Two weeks ago, I got to participate in a book signing at Costo in Roseburg, Oregon! It’s the second time Costco has requested that THE STATE OF JEFFERSON books I’ve coauthored (Arcadia Publishing) be premiered at one of their stores. Last year I appeared at Costco in Medford, Oregon.
To say I was thrilled is an understatement…even traveling the 3 hours north to Roseburg did not dissuade me from attending the signing. Welcomed by a stack of 85 books and a large poster inviting customers to look at the books made it easy to break into conversation with people. And though Roseburg is probably considered at the “edge” or on the margin of the State of Jefferson territory, nonetheless I was delighted with the number of people who came up and said, “The State of Jefferson? I know where that is….” or “Gosh, wouldn’t it be great if there really could be a State of Jefferson?”
Several people recalled that they had seen a bit about the State of Jefferson on History Channel’s ‘HOW THE STATES GOT THEIR SHAPES’ last summer. When I told them, yes, and I had been interviewed on that program, they were duly impressed (I didn’t tell them that those of us waiting to be interviewed had waited for 5 hours because of the rain or that the editors/producers had trimmed all but a few bits of conversation from the interviews, which left far less in the expose than we ‘locals’ had hoped would be included)! The fact is, the State of Jefferson made national TV!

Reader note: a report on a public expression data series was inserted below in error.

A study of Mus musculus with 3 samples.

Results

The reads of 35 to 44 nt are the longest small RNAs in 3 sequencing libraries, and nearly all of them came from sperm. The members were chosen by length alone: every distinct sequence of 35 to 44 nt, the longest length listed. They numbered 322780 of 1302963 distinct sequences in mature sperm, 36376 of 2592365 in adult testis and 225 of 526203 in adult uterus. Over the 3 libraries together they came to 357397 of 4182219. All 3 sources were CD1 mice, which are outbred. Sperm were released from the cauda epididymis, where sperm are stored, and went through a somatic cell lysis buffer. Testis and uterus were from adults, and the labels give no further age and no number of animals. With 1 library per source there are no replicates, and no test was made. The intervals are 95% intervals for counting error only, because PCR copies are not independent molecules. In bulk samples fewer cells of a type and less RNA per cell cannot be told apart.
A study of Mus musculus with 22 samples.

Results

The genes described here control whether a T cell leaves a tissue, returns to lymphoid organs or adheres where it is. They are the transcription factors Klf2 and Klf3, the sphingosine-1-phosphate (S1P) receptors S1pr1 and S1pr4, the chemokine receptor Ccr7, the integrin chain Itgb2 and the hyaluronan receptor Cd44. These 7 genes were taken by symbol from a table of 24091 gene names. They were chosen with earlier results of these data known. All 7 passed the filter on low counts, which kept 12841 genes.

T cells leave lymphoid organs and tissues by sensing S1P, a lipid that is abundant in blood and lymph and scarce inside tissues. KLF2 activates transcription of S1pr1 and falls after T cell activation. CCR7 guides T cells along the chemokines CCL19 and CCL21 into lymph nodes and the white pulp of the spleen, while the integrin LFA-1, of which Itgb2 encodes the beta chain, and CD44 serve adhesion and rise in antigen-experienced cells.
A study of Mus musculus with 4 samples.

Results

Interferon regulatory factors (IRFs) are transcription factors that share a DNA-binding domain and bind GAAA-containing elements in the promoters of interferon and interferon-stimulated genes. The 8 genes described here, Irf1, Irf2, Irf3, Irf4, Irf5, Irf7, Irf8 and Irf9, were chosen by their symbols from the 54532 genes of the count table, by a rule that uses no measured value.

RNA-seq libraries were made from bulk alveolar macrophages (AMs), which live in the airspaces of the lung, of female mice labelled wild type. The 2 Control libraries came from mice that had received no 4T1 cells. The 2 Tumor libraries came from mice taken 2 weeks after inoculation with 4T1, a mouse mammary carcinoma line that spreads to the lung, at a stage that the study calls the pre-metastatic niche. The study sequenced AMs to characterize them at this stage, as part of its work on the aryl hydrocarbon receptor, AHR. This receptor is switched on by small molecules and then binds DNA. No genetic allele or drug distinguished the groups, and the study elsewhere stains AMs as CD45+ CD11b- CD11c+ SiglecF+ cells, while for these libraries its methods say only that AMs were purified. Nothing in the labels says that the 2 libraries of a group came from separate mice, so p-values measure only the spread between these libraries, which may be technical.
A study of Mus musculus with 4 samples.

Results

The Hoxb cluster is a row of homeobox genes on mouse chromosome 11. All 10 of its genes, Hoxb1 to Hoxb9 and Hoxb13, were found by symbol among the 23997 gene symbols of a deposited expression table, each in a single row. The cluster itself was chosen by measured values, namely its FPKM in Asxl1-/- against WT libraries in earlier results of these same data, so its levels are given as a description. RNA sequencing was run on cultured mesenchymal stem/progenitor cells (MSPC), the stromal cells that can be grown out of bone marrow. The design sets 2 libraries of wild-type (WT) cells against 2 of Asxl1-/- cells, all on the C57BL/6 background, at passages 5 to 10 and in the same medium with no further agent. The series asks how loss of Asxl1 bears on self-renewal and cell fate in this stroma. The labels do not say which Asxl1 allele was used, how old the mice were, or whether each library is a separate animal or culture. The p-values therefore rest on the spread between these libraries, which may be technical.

It seems the idea or ideal that comes to mind with the concept of the State of Jefferson, or this 51st state, has not died — in spite of the fact that the reality is in stark contrast to the dream. People in this neck of the woods do see themselves as different: they connect to their environment and to the land in a far different way, and that perception has not dimmed with time.
Is it the more rugged environment we are enveloped by that affects us? Is it the weather and/or the fact that life is more connected to the peaks and valleys and rivers that dominate our landscape? Is it the small populations that are interlaced by open spaces that make the living here at least feel different?
I’m not sure. But I do know that the mystique that is attached to The State of Jefferson continues to flourish. It is not a right or left thing, either, which makes it all the more intriguing. It is a notion that seems more connected to the independence that comes from living in this region of southern Oregon and/or northern California where mountains rise up gloriously and rivers cascade through rugged valleys.